Education and giving back were always priorities for Ulupreneur Pascal Odek. Growing up in rural Kenya, his mother was a nurse and his father worked in a sugar cane factory. Pascal excelled in academics and was invited to attend an esteemed high school in Nairobi, Starehe Boys’ Center, sponsored by international donors. After graduating, he wanted to give back to the school, so he spent 2 gap years helping out as the school captain at the all-boys boarding school. His passion was to be a doctor; to achieve that goal, he began taking the SATs and applying to schools in the US. He was accepted at Stanford, and there his interests took a turn—he pursued a degree in computer science instead.
A sports enthusiast, Pascal joined the Stanford cycling team. During a break on a practice ride, he was shocked when a woman said hello to him in Swahili. It was Amee Devan, who had also grown up in Kenya and recognized Pascal’s accent. That meeting sparked a friendship fueled by the love of cycling and the search for innovation. Amee was at Stanford GSB and frequently needed an engineer to partner with her team to build different projects, so they often invited Pascal to participate.
After graduation Pascal joined GoFundMe; while Amee worked at Palantir (also an Ulu portfolio company).They continued to pursue projects in the medical field, trying to solve a variety of problems in the health tech space. . After several trips to the drawing board, they found that in post-acute care, there is often a breakdown in communication between the nurse providing home care and the provider in the hospital. So they launched WellBeam in 2019, a platform designed to streamline communication between medical providers and nurses caring for patients in a home environment.
Pascal shared with us his remarkable journey and some tips for other founders building their dream team.
How did you get your first customers?
Our first customer was through the doctors we’d reached out to with all our ideas, which were based at Stanford Health Care. They understood what we were trying to do within their own health system. We did a pilot initially with Stanford Hospital staff and have grown from there. It’s been extremely helpful to have the Stanford name and branding when we talk to other customers; the affiliation has really helped us grow.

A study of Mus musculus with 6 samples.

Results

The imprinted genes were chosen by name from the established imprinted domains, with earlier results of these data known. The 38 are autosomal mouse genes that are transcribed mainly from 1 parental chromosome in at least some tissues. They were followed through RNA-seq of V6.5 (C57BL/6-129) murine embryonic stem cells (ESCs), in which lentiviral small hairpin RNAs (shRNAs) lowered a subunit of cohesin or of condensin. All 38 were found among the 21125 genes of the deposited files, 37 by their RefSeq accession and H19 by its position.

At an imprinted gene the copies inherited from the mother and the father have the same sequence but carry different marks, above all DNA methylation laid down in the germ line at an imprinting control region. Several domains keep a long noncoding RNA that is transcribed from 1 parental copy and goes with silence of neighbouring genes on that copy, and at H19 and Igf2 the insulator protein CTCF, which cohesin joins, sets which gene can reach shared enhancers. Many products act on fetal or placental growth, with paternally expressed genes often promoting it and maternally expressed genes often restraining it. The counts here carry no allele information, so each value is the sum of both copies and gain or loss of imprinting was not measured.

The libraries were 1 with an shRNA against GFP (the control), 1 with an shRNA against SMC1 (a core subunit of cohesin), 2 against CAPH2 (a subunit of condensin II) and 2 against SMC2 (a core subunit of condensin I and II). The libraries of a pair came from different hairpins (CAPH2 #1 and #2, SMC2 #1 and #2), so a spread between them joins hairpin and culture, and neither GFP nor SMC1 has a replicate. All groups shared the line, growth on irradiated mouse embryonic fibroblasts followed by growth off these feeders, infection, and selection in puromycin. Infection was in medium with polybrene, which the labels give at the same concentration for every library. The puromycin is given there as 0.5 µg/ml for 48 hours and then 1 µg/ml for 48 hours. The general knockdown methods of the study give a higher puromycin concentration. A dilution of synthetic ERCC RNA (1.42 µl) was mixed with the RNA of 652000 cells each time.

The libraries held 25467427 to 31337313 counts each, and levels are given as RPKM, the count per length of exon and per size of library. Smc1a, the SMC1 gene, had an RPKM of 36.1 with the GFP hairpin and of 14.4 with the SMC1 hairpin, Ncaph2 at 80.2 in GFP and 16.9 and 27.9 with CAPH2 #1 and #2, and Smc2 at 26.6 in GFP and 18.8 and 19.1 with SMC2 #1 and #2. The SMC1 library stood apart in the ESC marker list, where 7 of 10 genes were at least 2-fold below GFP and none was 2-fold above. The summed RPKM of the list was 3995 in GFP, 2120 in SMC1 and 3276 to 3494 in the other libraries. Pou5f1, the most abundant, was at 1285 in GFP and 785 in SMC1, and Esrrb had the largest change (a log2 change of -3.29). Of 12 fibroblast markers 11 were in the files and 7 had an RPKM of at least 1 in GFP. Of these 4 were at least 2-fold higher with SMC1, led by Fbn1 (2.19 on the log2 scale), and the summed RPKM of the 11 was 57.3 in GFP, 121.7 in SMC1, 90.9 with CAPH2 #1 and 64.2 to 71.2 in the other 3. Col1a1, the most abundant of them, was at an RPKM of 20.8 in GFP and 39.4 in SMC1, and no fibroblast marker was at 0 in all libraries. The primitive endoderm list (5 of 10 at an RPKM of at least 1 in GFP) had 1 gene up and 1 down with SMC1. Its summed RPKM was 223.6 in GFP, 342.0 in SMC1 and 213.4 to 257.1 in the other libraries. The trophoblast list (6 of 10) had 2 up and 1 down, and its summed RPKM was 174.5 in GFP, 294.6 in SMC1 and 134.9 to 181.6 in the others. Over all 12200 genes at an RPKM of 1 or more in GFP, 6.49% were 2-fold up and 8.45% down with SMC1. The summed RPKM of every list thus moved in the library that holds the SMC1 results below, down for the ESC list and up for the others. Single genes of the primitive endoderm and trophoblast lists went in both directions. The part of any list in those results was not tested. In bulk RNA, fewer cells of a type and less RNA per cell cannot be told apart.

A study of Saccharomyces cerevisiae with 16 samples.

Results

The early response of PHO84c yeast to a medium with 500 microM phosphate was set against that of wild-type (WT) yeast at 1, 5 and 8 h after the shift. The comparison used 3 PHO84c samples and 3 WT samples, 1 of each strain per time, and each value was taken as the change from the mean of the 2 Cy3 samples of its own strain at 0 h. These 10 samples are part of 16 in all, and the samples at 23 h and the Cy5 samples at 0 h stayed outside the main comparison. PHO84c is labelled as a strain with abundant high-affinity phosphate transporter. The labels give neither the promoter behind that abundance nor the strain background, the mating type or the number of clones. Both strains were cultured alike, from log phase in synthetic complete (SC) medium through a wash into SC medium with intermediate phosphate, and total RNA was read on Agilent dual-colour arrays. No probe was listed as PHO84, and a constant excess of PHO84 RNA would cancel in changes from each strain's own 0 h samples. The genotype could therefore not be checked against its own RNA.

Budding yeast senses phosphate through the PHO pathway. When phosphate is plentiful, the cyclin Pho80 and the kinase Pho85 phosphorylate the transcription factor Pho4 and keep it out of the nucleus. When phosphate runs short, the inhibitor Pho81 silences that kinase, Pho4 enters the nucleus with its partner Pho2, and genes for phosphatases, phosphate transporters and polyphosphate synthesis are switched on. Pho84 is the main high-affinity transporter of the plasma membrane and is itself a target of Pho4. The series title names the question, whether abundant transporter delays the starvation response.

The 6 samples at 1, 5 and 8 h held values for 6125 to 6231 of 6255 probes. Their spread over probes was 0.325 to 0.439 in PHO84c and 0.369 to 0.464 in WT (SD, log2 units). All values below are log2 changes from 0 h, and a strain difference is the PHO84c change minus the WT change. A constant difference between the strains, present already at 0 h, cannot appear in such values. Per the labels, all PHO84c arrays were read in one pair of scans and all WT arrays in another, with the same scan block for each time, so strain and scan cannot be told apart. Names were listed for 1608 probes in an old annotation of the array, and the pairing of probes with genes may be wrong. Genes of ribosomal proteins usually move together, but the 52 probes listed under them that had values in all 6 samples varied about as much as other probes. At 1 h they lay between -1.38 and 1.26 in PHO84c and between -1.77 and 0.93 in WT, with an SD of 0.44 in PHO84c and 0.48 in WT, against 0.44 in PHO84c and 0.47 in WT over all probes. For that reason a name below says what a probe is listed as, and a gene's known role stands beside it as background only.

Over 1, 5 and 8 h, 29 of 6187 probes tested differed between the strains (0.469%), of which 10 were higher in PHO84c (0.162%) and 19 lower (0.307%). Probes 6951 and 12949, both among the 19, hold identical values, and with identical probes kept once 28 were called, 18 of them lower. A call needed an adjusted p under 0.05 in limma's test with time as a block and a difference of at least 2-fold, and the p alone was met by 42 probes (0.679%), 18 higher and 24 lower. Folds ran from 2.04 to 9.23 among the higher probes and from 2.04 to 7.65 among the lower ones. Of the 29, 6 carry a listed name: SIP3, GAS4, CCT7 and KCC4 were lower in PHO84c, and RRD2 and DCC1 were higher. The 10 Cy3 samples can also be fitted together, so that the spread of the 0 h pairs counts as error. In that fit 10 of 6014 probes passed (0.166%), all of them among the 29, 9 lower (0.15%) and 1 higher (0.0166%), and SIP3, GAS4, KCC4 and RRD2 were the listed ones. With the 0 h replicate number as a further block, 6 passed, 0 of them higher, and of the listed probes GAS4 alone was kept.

What have been your biggest challenges?
Building the right culture takes a lot of effort. You have to do it deliberately; it doesn’t happen by accident. It’s sometimes not easy to have discussions with your employees or even your colleagues because people come from so many different backgrounds. As long as they get their job done, a lot of people are okay with the status quo. But I’ve seen the importance of making sure that people are working with a culture that helps grow the company in the right direction. It’s been a challenge, but we’ve made deliberate efforts to make sure everyone feels supported and that they are also able to give the right output.
Setting up performance plans has helped. taking into account the employee’s or colleague’s career goals helps make people feel heard as well, in addition to making sure that the company is also progressing [through the performance plans]. So performance metrics as well as career goals coupled together have started to work really well for us.
Why WellBeam, why now?
There’s a lot of evolution happening within the healthcare space, especially digital health. Until recently, all patient data typically has been in silos. So there is work being done to make sure all healthcare data can be accessed by any provider, no matter what state they are in. The states have already done a lot of work to make sure each hospital in the state can exchange this information, but it hasn’t been done at a national level. So for this data to be meaningful, it means that all different levels of health care need to contribute data to it—and for post-acute care there’s a few gaps. We’re keen on filling in these gaps in terms of aggregating this data and being able to share it to the national pipeline.
What are your dreams for WellBeam?
I would love WellBeam to be the platform that all post-acute communications go through to the provider on the health system side. Today, if a home-health nurse is facing a complicated situation and not able to get ahold of the provider, they have to call an ambulance and that’s a very expensive bill. It’s our dream to have that process channeled through WellBeam to the physician on the other side. So whether it’s home health, home infusion, or hospice, we want to be the bridge between home health care and the healthcare system.